Have You Seen This Beetle?

Asian long-horned beetleThere’s a dangerous insect on the loose. Shiny black with bright white spots, the non-native Asian longhorned beetle (or ALB for short) feeds on a wide range of trees to the point of destruction. Once infected, a tree can’t be saved; tens of thousands of trees have already been lost in the northern and central US.

Now is the time to stop the ALB in its tracks. The insect is most active in August, which has prompted the USDA to launch Tree Check Month. Early detection is critical as the beetles can do immense damage in a short period of time.

Ready to pitch in? Here’s what you need to know.

About ALBs
Native to China, Japan, and Korea, the Asian long-horned beetle was first detected in North America in 1996. Most likely it hitchhiked aboard wooden packing material. Since then, it has destroyed over 80,000 trees in Massachusetts, New York, New Jersey, Ohio, and Illinois. Back in 2008, 27,000 infested trees had to be removed in Worcester alone.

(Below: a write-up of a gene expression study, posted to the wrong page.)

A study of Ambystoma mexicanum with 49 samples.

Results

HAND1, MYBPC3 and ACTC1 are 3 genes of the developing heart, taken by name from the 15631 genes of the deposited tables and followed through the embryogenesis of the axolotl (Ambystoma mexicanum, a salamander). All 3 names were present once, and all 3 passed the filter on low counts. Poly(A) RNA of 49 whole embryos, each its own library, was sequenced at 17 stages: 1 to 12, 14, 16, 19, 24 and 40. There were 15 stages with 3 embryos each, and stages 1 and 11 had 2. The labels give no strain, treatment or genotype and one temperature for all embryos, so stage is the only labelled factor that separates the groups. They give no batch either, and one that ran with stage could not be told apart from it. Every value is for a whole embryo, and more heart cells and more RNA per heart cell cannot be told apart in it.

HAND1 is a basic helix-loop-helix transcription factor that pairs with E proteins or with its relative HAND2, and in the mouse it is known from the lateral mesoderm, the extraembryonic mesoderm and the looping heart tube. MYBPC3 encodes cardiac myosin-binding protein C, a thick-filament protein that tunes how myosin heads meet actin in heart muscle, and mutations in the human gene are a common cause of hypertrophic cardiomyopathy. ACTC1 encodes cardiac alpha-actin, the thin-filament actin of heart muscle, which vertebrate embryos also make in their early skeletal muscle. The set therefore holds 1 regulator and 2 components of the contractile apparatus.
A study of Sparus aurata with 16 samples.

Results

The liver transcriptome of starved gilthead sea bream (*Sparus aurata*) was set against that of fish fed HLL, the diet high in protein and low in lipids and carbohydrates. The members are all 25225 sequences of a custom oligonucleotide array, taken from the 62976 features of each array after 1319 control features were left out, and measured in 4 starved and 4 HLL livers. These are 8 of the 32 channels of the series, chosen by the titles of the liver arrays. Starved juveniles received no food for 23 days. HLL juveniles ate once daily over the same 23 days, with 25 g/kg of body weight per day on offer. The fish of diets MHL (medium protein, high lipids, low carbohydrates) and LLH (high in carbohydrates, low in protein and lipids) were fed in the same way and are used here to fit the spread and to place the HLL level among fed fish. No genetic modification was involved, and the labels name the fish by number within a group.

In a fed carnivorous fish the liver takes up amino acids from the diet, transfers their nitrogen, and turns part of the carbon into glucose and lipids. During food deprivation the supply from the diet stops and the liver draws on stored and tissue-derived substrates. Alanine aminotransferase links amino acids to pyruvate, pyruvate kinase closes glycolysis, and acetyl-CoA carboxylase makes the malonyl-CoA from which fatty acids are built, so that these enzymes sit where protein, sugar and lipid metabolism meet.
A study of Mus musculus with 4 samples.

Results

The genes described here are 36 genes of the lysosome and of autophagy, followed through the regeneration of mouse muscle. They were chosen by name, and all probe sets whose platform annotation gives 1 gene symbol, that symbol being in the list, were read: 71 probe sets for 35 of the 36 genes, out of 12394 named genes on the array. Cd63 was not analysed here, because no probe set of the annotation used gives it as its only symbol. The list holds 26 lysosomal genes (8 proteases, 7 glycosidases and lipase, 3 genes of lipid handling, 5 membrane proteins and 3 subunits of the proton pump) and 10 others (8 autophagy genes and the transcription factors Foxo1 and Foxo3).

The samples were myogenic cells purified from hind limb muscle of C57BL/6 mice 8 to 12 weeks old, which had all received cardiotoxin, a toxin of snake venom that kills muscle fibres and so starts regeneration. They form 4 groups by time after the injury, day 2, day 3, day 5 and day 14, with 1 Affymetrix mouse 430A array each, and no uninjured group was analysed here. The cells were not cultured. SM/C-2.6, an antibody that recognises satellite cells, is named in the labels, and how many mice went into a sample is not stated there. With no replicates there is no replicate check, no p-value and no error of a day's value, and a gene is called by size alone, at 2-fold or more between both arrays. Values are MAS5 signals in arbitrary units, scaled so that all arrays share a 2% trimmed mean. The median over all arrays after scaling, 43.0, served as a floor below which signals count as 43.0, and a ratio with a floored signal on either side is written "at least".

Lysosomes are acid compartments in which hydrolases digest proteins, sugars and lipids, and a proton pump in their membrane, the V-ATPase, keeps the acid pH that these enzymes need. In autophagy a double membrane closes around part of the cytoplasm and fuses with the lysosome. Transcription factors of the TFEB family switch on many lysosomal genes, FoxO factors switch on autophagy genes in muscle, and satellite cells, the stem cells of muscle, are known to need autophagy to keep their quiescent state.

The ALB infests hardwood trees, such as maple, birch, horse chestnut, poplar, willow, elm, and ash. The beetle’s larvae burrow so deeply into the tree that insecticide won’t reach them, and it’s impossible to extract them. In the past, they have been reported in Greater Worcester and there was a small infestation in Boston.

Check your Trees
Fortunately, we can fight back. Eradication efforts have already banished the beetle from Illinois and New Jersey, and parts of New York are expected to follow soon.

The most important thing you can do is to check your trees for infestations. Here’s what to look for:

  • Small, perfectly round dime-sized holes (3/8″ up to 1/2″ in diameter) with smooth edges, left by adult beetles exiting a tree.
  • Shallow oval scars in the bark (1/2″-3/4″ wide) where the eggs are deposited.
  • Sawdust-like material on the ground and in branches, pushed out by the larvae as they burrow.
  • The beetle itself. Mature ALBs measure 1 to 1.5 inches, with two antennae (the “horns”) that can grow up to 4 inches long.

The USDA’s Asian longhorned beetle site features a slideshow of images (including ALB look-a-likes) and includes a tool to report sightings.